Perl 6’s Top 3 Coolest Features

Perl 6 has some really cool features. Features I’d like to use in production projects. But is Perl 6 suitable for production?

I keep hearing, no, because it’s unstable, the spec is still being hammered out, there are still too many bugs, it’s still too slow, the documentation lacks (or is just plain wrong), key features are still missing, it has insufficient module support.

But I have never been one who blindly accepts the evaluations of the crowd, because the crowd is often dominated by zealots twisted by hate and zealots twisted by love, and I’ve found a great beauty and symmetry in that nuance that lies in between zealotries.

Besides which, Perl 6 (hereinafter referred to as “P6”) includes a number of features that fit a particular real-world application that I happen to be thinking about. That’s another post. But several P6 features struck me. Here are the top three:

  1. “whatever” star (and other elegances) – In the historic spirit of Perl, P6 includes numerous operators and other features that increase the expressive power of the language, thereby making beautiful code possible. (And in the historic spirit of Perl, you will have to use your actual brain in order to make your code beautiful. If you don’t know how to express yourself in a natural language like English, you will probably also have trouble expressing yourself in a programming language like Perl.)

    These features are often hyped and sometimes seem kinda gimmicky to me and researchy and “Yeah, that’s très kewl, but why would I ever actually use it in real life?”… Except that, just playing with the language, I have already found a few instances in which I would like to actually use these features. I’d rather be more expressive, more beautiful, rather than coding up the equivalent using more verbose, less expressive language structures.

    The classic example is the “whatever” star, *, which is pronounced, “whatever,” and is translated, “whatever makes sense here.” So in P6, grep * %% 2, 1..10 finds all the numbers between 1 and 10 inclusive that are divisible by 2. (Because %% is the P6 “divisible by” operator.)

  2. grammars – P6 expands on Perl 5’s once revolutionary (now universal) regular expressions. While Perl 5 (and now practically every other language under the sun) parses regular expressions, by which your code can recognize the elements of simple strings, P6 now allows you to define complete lexicographies and grammars.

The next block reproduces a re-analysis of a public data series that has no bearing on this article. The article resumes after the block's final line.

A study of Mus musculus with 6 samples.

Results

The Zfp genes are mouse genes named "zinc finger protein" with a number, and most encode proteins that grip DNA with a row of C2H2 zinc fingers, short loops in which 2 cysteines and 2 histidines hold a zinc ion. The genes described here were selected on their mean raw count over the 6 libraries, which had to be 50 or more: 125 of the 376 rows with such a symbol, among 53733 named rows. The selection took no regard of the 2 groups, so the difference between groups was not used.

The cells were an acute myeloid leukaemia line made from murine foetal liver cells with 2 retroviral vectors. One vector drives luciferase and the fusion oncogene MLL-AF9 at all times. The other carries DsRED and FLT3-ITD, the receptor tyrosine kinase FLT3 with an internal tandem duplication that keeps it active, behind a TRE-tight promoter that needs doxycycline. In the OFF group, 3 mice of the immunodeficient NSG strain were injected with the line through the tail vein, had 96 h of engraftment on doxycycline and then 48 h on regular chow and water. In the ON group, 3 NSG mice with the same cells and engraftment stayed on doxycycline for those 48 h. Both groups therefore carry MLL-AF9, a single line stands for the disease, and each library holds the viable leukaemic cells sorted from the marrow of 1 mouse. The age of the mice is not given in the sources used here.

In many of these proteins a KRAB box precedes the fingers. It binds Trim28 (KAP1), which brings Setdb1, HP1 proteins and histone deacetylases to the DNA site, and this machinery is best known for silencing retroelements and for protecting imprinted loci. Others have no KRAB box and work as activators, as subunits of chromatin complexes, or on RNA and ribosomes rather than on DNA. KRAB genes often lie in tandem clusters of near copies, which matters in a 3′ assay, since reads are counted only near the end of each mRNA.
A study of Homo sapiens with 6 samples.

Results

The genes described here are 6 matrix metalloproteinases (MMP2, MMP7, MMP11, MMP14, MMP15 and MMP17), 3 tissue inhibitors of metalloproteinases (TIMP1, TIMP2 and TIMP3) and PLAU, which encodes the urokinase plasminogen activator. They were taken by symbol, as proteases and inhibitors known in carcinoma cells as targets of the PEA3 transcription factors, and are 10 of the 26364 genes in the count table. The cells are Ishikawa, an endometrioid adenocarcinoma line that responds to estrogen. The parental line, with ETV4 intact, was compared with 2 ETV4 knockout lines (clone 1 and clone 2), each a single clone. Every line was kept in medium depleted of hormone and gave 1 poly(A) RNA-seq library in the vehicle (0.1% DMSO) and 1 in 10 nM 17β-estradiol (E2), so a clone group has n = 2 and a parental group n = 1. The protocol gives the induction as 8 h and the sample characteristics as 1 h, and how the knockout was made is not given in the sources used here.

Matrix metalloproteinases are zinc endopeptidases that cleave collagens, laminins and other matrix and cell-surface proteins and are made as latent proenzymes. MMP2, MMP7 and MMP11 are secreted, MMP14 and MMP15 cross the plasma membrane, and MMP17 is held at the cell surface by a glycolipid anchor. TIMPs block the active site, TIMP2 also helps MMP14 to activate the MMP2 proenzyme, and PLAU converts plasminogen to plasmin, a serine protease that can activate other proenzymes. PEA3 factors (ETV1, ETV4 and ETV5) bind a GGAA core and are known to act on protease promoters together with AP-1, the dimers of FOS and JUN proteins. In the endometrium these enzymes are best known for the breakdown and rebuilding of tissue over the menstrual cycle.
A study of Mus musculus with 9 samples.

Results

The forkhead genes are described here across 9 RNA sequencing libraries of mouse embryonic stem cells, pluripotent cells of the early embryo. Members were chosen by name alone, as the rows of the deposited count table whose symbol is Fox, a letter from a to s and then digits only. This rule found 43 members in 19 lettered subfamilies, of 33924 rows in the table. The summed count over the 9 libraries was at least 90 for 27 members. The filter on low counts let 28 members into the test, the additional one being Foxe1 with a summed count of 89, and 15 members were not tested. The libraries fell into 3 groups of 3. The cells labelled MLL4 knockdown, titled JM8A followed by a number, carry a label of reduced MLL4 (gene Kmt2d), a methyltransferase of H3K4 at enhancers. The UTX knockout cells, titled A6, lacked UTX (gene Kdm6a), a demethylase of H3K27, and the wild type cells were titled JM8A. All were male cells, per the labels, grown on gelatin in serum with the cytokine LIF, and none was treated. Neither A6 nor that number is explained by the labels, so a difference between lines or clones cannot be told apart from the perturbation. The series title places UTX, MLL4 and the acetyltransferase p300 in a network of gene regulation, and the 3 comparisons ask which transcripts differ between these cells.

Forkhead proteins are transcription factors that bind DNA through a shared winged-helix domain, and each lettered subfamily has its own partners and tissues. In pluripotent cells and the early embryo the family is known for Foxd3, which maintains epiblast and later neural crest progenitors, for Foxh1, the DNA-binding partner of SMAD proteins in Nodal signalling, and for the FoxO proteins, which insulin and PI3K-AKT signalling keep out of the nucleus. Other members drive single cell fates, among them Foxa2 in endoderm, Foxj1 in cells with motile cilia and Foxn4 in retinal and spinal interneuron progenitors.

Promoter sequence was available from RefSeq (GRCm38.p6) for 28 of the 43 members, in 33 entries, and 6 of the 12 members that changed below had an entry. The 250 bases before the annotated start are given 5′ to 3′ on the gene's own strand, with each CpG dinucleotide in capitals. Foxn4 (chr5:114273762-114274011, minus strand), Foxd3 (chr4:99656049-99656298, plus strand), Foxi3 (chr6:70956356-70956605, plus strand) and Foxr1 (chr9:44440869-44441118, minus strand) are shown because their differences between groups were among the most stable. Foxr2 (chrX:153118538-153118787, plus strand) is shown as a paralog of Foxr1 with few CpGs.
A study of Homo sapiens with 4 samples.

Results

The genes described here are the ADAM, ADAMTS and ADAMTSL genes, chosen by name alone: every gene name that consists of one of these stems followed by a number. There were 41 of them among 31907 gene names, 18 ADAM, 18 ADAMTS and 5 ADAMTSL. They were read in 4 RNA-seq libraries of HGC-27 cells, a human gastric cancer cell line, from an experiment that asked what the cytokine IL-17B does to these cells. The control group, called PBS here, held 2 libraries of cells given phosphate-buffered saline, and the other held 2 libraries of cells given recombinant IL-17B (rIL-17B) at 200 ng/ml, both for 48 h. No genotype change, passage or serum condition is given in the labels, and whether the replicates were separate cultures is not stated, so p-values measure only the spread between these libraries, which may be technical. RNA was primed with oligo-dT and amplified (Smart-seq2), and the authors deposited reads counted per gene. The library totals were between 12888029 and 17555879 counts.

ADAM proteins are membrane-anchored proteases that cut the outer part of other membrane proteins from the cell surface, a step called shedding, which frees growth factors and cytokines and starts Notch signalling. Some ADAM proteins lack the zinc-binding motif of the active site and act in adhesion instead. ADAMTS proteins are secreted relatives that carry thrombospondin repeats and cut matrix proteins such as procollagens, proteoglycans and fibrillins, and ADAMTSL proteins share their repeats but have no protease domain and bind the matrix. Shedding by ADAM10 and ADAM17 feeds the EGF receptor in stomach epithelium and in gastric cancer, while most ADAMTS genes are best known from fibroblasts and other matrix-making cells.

In fact, P6 itself is defined as a Perl-6 grammar.

    P6 grammars should make simple templating systems easy. And should make possible full-blown domain-specific languages that interoperate seamlessly with your P6 code.

  3. lazy gather – This is my top, coolest P6 feature—if I understand it correctly.

    According to the P6 spec, rather than returning a list of results, you can instead provide code that tells how to construct the list, and return each result one by one. As your code runs, each result will be “gathered” into the list. And the language will run that code “lazily,” only as needed to construct the results actually needed.

    In principle, this means we should be able to create something that looks and acts very much like a partial continuation (if lazy gather is indeed lazy, synchronous, and deterministic). Such a construct would be very useful not only in the next generation of web frameworks, but in numerous other applications as well, any processing flow that is readily expressed as a state-machine.

Part of the challenge, of course, is that some (most?) of the Wow! is, at this time, still just hype. That goes without saying when dealing with a second-system like P6. The P6 spec defines so many kewl, often overlapping features, with precisely defined edges. The proliferation of such edges, in fact, may be part of the reason implementations have been plagued by persistent bugs and performance issues, and still are.

However, I don’t need an implementation of the full P6 spec. I don’t even need an implementation that’s as fast as Perl 5, or Java or PHP or Ruby or Python or any other language. I just need a subset of features that run well enough to make it worth my while to choose this platform to develop my app.

So in upcoming posts in this series, I’ll be exploring these features, running sample code, trying different P6 implementations, and looking at what parts of the language run well enough and fast enough to be considered potentially useful.


P.S. Click here to read the next part of the series.